Saint Andrew's Church
Saint Andrew's Episcopal Church

January 12, 2020                                                                                                                                   Epiphany 1A

In the 1950s, a young Harvard professor, Dr. Ed Wison, discovered something fascinating about ants.  When an ant dies, after a couple of days, the other ants take it to the colony's refuse pile where other dead ants and junk gets discarded.

The discovered that the smell that signaled that an ant was dead was oleic acid.  They ran an experiment in which the dabbed one of the living ants with the oleic acid, a substance that is not harmful to the ants in any way, and immediately a worker ant grabbed the living ant and hauled it off to the garbage pile.  After a couple of hours of cleaning itself the ant was able to return from the garbage pile and continue life in the colony.

As the experiments continued it showed that when ants are dabbed in oleic acid, they will often self-isolate themselves to the garbage pile until the smell has been cleaned off or wears away.  In other words, the living ants act like they are dead.

One researcher affectionately calls these poor confused creatures "Zombie ants".  A recent study discovered that ants produce both "life chemicals" and the "death chemicals" their whole lives; but when an ant dies, it stops emitting the life pheromones.  So, there is nothing covering the smell of the "death chemical" of oleic acid.

The other ants know that they can bury their dead comrade.  While there are no ants in the readings for the day, there is a powerful lesson to be connected to today's Scripture.

Today's lectionary readings pick up on a strong interconnected theme that runs through all of the readings.  The prophecy in Isaiah, the poetic verses from the psalm, the account of Peter in the Apostles, and even the Gospel of Matthew all pick up on a theme that God reaches out beyond every boundary to draw people into God's embrace.

Today is the celebration of the Feast of the Baptism of Our Lord.  The sacrament of baptism communicates God's presence and God's faithfulness.  Baptism is also a sign of the love that flows from God's heart and reaches out to us beyond all boundaries.

In the Isaiah reading it speaks a word of hope-both present and for eternity.  "I am the Lord, I have called you in righteousness, I have taken you by the hand and kept you; I have given you as a covenant to the people, a light to the nations  to open the eyes that are blind, to bring out the prisoners from the dungeon, from the prison those who sit in darkness."  The people have strayed into exile, and now the prophet speaks a word of hope into their darkness.  Even in the midst of suffering, forcibly taken from their land, God declares God's people beloved, chosen and called by name.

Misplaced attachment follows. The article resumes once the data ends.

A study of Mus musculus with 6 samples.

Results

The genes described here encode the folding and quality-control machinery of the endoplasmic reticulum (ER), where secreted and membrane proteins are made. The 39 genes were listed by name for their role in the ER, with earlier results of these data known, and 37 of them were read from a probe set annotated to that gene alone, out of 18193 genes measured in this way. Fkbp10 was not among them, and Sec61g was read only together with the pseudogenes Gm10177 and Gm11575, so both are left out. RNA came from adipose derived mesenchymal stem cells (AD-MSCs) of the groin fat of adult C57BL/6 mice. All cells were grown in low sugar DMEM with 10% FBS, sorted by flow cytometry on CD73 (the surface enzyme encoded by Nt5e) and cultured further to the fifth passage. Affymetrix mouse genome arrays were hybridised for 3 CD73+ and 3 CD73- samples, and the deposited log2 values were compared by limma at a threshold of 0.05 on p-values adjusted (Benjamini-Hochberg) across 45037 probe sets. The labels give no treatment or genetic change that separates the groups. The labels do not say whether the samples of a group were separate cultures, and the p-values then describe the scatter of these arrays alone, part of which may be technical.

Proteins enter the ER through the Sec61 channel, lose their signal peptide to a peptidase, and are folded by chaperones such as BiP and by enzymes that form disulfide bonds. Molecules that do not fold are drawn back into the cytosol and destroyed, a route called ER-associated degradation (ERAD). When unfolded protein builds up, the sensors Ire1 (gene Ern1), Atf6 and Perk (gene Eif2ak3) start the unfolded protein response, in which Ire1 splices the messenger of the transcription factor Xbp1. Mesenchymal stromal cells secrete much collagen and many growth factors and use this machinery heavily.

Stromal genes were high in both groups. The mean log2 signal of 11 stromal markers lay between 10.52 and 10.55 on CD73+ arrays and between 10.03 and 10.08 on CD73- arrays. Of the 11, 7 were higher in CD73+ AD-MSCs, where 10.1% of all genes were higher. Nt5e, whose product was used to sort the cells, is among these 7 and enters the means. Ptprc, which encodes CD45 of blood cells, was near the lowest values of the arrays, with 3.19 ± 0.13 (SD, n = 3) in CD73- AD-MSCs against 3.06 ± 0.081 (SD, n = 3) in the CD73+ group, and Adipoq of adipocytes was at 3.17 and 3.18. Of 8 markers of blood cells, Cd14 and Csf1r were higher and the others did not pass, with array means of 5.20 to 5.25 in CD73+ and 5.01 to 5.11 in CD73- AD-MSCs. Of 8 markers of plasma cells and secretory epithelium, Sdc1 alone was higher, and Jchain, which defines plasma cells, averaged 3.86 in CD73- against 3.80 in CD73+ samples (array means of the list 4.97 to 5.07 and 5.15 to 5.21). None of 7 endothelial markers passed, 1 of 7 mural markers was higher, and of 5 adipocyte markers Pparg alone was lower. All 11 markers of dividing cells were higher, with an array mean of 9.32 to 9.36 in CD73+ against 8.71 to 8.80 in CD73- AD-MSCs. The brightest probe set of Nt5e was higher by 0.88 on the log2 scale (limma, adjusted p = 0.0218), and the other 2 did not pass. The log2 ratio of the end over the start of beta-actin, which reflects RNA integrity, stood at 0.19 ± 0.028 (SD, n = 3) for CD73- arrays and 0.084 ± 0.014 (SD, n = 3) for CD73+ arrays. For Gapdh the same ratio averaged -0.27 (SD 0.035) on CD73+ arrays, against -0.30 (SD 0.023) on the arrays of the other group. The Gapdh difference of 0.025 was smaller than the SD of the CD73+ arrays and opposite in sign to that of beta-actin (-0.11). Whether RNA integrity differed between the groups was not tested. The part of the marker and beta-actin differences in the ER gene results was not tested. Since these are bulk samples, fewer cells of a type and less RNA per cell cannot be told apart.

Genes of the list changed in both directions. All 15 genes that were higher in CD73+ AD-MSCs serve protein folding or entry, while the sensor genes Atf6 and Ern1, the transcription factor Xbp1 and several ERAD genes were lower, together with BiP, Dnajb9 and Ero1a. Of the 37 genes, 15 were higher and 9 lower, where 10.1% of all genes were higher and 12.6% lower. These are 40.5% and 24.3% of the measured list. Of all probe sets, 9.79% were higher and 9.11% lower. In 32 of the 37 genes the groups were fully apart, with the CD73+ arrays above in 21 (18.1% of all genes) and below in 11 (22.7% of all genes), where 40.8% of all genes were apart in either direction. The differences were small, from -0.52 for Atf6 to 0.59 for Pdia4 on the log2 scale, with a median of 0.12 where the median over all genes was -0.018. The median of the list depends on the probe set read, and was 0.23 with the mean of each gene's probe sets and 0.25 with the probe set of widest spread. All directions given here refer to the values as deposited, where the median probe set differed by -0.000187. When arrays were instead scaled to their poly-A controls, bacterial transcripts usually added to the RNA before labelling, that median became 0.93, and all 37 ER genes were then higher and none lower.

In the Epistle reading Peter is preaching to the centurion Cornelius in the Acts of the Apostles.  According to custom and law, Jewish people were not allowed to enter the houses of gentiles.  But God sent a vision to Peter of unclean animals and said, "What God has cleansed, do not call unclean."

Peter preaches to Cornelius' household about the ministry of Jesus:  "They put him to death by hanging him on a tree; but God raised him on the third day and allowed him to appear."  This is restoration and renewal.  This is radical inclusion.  There is no human outside the reach of God's love.  Jesus died and rose again for all to be gathered unto God--not only the Jews but also those of every nation.  Isaiah's prophecy is fulfilled in Christ.

What do these readings mean for us today?  In our baptism, God declares, "This is my Child, the Beloved, with whom I am well pleased."  God has given us a path that is paved with love, renewal, belonging, and acceptance.  God reaches to those that are lost, those that doubt their belonging, and those who doubt their worth and declares that they have a place in the kingdom of God.

That's the good news.  That's the best news.  The problem is that many of us act like zombie ants.  We think we're already dead.  Like John the Baptizer, we doubt our place in God's kingdom.  There are those voices all around us all saying in some way, "You're not good enough.  You're faking it.  You're not worthy.  You don't belong."  And like the ants, we drag ourselves off to the graveyard with the dead ants, letting the glow of the light and life and love of God fade away.  But the voice of God, the voice that thunders over the waters, the voice that breaks open the heavens, declares, "this ism my Child the Beloved, with whom I am well pleased."  We just have to listen.